The album art for Izzy Bizu's A Moment of Madness

Izzy Bizu

A Moment of Madness

Izzy Bizu’s debut album is long enough that it feels like two records, but despite its contradictory nature, this jazz-inspired singer is an absolute treasure.

Izzy Bizu is twenty-two years old. I just want to state that for the record. A Moment of Madness, her debut record, is stealing the affections of many of us right now. At twenty-two years old, Izzy Bizu — whose full name is Isabel Beardshaw — is receiving international attention.

And all of it is deserved.

Izzy’s stage name is interesting to me. It reminds me of the sensual French pop that was sweeping New York City in the 1960s: full-bodied French singers taking jazz by storm with their mix of classic ability and full-throated sexuality. I don’t know if that’s the image that Izzy Bizu wants to conjure up, and I don’t presume to think it is, but it fits.

First things first: Izzy has a phenomenal voice. Reminiscent of Amy Winehouse, with hints of Adelle, Izzy’s voice hits the rafters with ease. Fitting with my theory on her stage name is her jazz-inspired singing style: it’s playful and sometimes inspirational. It fills a room. But she brings this jazzy style to big pop tracks.

Most of the tracks on this record have a lot of radio potential. “White Tiger”, “Skinny”, and “Diamond” are all excellent — and those are only the first three tracks. None of these songs are particularly thoughtful — “Skinny” is about the body size that Izzy looks for in men — but they’re loads of fun.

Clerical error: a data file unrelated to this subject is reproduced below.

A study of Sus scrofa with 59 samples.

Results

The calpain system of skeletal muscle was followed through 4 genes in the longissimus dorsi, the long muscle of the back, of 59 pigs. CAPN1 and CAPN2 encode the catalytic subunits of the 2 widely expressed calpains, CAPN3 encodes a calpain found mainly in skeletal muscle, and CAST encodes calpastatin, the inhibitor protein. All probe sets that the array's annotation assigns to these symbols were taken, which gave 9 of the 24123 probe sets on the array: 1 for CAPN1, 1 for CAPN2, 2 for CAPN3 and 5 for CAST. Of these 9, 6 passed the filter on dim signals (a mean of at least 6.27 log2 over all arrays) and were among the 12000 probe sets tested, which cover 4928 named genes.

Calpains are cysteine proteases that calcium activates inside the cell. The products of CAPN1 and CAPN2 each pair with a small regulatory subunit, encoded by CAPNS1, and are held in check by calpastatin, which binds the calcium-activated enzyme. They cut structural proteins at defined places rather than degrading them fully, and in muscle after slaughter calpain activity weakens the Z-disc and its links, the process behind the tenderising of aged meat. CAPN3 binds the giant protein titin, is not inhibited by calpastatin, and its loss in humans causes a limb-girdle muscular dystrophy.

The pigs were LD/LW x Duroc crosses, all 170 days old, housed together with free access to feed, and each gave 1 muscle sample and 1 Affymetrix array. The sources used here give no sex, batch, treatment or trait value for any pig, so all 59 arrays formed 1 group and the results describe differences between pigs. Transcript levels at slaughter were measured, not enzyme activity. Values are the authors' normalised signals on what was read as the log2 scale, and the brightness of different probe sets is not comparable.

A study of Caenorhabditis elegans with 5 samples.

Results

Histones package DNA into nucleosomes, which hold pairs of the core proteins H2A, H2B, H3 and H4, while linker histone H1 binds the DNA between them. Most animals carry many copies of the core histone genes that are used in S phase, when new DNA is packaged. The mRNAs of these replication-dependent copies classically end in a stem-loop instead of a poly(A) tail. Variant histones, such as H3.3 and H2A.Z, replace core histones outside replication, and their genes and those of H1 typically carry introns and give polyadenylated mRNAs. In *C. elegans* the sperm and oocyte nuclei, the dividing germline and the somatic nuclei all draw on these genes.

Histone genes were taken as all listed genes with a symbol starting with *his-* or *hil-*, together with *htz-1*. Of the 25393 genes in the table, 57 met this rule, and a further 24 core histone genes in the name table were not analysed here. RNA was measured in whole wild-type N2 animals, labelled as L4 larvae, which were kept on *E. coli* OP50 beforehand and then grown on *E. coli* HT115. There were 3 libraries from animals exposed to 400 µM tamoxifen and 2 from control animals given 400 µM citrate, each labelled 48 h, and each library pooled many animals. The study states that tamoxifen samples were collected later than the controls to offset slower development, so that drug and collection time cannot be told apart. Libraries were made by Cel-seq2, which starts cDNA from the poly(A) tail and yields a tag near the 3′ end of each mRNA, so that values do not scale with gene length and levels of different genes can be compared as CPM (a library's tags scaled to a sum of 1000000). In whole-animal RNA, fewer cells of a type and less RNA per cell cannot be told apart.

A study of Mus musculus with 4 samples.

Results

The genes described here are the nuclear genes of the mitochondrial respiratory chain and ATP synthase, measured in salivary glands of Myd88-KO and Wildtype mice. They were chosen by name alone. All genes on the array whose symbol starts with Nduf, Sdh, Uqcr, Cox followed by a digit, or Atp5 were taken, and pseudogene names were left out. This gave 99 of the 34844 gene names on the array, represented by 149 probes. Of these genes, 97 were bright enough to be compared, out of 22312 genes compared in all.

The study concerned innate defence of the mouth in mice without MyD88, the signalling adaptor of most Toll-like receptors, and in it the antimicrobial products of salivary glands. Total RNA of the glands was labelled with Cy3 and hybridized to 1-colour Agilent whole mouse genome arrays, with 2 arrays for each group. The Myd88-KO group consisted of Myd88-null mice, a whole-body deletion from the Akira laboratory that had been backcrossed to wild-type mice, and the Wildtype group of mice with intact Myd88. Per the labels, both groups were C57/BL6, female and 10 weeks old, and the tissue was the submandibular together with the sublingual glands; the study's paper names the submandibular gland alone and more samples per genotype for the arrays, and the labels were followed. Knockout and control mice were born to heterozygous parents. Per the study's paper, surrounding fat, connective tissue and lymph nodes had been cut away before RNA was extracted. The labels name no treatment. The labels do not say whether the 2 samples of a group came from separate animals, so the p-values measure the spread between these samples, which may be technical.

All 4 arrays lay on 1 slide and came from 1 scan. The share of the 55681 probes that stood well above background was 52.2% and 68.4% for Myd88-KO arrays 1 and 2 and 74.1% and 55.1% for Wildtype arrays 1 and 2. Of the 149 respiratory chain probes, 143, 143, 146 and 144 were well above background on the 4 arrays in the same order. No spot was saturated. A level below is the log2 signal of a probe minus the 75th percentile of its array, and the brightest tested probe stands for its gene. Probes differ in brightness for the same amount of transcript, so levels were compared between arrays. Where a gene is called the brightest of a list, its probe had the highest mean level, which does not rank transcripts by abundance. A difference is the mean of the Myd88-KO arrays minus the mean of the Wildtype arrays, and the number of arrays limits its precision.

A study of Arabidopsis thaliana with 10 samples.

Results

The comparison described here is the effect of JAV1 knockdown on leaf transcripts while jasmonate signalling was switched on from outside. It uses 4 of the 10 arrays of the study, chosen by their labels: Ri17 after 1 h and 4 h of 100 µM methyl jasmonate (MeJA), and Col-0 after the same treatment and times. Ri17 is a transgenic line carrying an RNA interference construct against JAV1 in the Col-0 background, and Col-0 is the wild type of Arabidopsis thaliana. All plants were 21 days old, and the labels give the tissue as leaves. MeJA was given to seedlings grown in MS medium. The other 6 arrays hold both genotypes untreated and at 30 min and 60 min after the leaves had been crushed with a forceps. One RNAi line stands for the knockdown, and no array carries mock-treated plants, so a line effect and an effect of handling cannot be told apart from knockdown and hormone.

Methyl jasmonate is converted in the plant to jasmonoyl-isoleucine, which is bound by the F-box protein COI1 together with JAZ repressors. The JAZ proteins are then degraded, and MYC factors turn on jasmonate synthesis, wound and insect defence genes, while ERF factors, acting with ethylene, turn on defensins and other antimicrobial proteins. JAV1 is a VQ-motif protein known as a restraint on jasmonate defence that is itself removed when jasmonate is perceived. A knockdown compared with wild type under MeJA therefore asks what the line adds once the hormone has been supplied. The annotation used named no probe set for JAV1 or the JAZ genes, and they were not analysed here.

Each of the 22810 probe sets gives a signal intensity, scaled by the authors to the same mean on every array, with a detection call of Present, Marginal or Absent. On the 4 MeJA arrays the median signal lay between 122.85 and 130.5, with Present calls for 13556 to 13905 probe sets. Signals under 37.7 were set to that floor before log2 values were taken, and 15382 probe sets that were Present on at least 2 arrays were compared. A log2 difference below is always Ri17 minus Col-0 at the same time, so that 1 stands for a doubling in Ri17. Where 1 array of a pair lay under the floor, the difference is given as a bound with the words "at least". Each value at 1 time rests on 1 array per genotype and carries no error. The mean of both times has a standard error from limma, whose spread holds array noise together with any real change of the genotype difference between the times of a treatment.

Interestingly, A Moment of Madness was supposed to be released in June, but got delayed. This is a summer record if I’ve ever heard one. (Just in time for an “Indian Summer”, right?)

That being said, many of the tracks towards the end of the record feel more traditionally jazz-inspired. “Hello Crazy” feels like a live track. “What Makes You Happy” is an Adelle-like slow burner that thrives off its jazz connections. “Mad Behaviour” features a big, radio-ready chorus, but can’t escape its own lethargy.

My point is, there are two Izzy Bizu’s here: one is a pop-ready, crazed machine of a singer. The other is a quiet and introspective jazz singer. I don’t know which one I’m supposed to be rooting for. Both are excellent.

All of this is to say that A Moment of Madness is too long. It feels like two records. At seventeen tracks, this isn’t a “moment” of madness (if it’s madness at all). It’s fifty-nine minutes of occasional sobriety.

That’s not an insult. I quiet enjoyed both records here. But there are two albums. If you want my advice, take A Moment of Madness and split it in two. Alone, these conflicting sides of Izzy Bizu are both more powerful.

“Mad Behaviour” is a better song when it’s not listened to in the context of “Give Me Love”. Again, both are excellent, but they’re so different.

As odd as it sounds, because of its personality crisis, this is a record we should treasure. There’s no doubt we’ll be hearing more from Izzy Bizu. But in the future, her records will be shorter and more focused. This sort of sprawl is exactly the kind of music Izzy should be making while she fine-tunes her musical identity. If A Moment of Madness is mad at all, it’s only because Izzy doesn’t know who she’s going to be yet. That makes A Moment of Madness exactly the sort of debut it should be.

In an era of perfection, where artists are polished to a shine, the polished production on A Moment of Madness can’t hide the joy of Izzy’s slow self-discovery. For all of the record’s complications and multiple personalities, I love that.

It would be a shame if you missed the debut from one of music’s biggest future stars. A Moment of Madness is to Izzy Bizu as 19 is to Adelle. Don’t skip it.